For markets, today is employment day. The US publishes its monthly jobs growth estimate. This indicator could regain its lost glory this month as the economic indicator that provokes the most volatility in the markets. Strong data this time will confirm an imminent tightening of the Fed’s monetary policy, then risk triggering a significant reassessment of the value and prospects on the financial markets.
Average forecasts suggest employment growth for July near 900k against 850k a month earlier and a drop in the unemployment rate to 5.7% from 5.9%. Such an increase would be the largest since last August due to a return to the old normal.
The degree of uncertainty rose this week due to conflicting labour market signals from other indicators. The ADP estimated private-sector employment growth of only 330K for July, putting the entire economy at over 400k new jobs.
However, such weak estimates didn’t get confirmation by other indicators. The Non-manufacturing ISM rose to 64.1 last month, the highest reading in the index’s history since 2008. Not least of all, the increase in the index was attributable to employment.
The weekly jobless claims performed well. Their dynamics we consider as the closest to the official monthly employment figures. Initial claims fell to 385K following a jump in the previous two weeks, and the number of continued claims fell by 366K over the week to 2.93 million – a new low since the pandemic’s start. There has been an acceleration in the recovery, rather than a plateau as in previous months.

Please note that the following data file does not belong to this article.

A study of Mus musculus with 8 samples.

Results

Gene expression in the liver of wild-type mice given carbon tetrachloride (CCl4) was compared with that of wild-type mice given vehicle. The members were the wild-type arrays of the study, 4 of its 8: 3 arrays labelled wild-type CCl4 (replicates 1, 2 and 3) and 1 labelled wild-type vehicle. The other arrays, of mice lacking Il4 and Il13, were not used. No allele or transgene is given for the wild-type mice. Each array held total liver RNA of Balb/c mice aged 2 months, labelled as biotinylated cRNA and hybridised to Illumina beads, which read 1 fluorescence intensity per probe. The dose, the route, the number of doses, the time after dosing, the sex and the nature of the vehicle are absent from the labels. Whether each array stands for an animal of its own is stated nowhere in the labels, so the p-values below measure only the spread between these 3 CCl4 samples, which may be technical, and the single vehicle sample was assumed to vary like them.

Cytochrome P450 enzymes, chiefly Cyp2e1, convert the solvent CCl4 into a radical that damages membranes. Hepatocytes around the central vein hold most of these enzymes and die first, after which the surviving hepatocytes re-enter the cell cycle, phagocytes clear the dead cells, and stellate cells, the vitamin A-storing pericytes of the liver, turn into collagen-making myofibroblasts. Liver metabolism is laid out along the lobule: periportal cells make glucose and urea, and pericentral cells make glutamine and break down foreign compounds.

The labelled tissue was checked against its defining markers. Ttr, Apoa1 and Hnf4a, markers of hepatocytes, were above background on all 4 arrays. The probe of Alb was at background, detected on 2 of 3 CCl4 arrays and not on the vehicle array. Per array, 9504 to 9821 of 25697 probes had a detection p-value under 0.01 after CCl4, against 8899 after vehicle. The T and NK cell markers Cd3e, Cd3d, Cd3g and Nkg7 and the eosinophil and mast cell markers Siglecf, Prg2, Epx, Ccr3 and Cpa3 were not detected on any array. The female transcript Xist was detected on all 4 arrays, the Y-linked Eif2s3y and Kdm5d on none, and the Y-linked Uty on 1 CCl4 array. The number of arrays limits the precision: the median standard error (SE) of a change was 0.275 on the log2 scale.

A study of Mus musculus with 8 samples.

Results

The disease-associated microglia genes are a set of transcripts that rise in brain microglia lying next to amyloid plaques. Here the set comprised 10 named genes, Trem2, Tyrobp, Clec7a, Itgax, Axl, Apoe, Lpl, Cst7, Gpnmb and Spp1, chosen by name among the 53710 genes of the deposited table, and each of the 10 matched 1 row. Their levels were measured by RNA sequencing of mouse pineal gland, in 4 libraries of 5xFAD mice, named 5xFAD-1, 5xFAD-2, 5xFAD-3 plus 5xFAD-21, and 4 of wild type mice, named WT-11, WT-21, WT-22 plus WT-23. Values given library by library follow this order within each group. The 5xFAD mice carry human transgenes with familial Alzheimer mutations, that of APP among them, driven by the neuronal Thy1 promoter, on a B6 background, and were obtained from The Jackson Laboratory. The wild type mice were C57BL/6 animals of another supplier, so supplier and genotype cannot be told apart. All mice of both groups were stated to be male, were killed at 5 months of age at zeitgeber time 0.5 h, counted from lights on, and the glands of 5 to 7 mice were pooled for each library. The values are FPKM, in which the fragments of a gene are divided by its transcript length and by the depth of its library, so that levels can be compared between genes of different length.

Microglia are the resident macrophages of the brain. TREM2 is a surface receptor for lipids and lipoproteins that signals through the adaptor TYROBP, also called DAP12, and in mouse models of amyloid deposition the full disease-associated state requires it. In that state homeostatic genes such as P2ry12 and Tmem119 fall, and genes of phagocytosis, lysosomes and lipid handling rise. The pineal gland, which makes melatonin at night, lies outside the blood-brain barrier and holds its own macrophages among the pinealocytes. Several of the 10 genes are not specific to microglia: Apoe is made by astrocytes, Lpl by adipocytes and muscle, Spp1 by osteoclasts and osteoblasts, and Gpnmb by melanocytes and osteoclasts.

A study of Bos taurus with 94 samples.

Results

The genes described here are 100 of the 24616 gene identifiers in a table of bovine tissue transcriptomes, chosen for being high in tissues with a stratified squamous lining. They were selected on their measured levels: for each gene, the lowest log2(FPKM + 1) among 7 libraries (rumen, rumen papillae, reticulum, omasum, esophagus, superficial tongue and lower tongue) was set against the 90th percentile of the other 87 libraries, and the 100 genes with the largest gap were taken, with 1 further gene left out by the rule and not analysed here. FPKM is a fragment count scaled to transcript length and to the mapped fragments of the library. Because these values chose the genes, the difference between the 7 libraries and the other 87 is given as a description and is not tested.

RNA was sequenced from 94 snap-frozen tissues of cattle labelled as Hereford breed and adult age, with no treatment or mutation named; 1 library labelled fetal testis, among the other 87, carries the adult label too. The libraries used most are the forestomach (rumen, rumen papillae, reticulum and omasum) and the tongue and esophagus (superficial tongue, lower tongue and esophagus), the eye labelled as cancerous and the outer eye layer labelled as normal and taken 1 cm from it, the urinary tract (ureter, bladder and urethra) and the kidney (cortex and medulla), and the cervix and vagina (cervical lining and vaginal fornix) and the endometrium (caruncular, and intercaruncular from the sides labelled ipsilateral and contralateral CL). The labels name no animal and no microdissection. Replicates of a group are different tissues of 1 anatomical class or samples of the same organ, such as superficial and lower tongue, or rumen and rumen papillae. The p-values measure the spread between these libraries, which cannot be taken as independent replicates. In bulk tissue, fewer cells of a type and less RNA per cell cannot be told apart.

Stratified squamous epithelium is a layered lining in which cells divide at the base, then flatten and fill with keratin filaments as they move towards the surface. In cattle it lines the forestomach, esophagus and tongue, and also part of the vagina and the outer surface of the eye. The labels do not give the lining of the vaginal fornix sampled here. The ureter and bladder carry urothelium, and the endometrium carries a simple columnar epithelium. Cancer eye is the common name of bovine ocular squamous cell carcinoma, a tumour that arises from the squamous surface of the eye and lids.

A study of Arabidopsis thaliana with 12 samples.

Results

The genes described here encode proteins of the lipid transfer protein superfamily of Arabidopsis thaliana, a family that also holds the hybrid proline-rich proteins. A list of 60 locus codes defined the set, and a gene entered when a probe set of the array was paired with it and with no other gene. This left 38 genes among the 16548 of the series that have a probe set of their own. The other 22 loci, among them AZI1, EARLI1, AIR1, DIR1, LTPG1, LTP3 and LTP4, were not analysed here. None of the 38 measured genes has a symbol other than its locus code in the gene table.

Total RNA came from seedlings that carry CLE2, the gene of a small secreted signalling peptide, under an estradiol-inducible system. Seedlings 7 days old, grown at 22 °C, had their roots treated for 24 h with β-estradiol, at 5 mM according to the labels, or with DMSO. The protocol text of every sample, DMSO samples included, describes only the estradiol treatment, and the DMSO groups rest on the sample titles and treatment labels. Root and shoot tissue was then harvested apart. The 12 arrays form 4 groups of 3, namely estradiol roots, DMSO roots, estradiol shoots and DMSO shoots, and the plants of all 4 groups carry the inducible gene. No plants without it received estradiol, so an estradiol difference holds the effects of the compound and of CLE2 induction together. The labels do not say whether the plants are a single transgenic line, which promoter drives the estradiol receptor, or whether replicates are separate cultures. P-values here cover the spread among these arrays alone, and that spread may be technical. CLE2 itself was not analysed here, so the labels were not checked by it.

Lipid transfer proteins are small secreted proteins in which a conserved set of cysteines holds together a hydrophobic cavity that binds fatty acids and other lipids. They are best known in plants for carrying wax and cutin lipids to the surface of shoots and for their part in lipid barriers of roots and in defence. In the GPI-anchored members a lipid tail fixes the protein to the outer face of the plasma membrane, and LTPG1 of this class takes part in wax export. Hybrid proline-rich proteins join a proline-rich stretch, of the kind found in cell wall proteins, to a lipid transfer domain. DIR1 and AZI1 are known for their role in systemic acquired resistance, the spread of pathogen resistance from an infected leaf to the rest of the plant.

The service sector is speeding up the recovery. And that is good news as services represent up to 80% of the US GDP.
The big question for the markets is whether these changes are positive. We can expect relatively calm markets if employment growth is in the 100-150k range to the forecast. This will spur speculation that the Fed will reduce the monthly volume of asset purchases on its balance sheet someday before the end of the year.
If the job growth is much greater than 1 million, the reaction of the world and especially the US markets could be much more chaotic. The expectation is that tapering will start in September will become mainstream, which will lead to a boost in the Dollar and an increase in medium-term interest rates. And this promises to be the trigger for a correction in the stock markets.
For the Dollar, it will be a new high. It could not only return to growth and break the resistance of its sideways range, but it could launch a powerful multi-month rally, sweeping away the weakest competitors, starting with emerging market currencies and many commodities.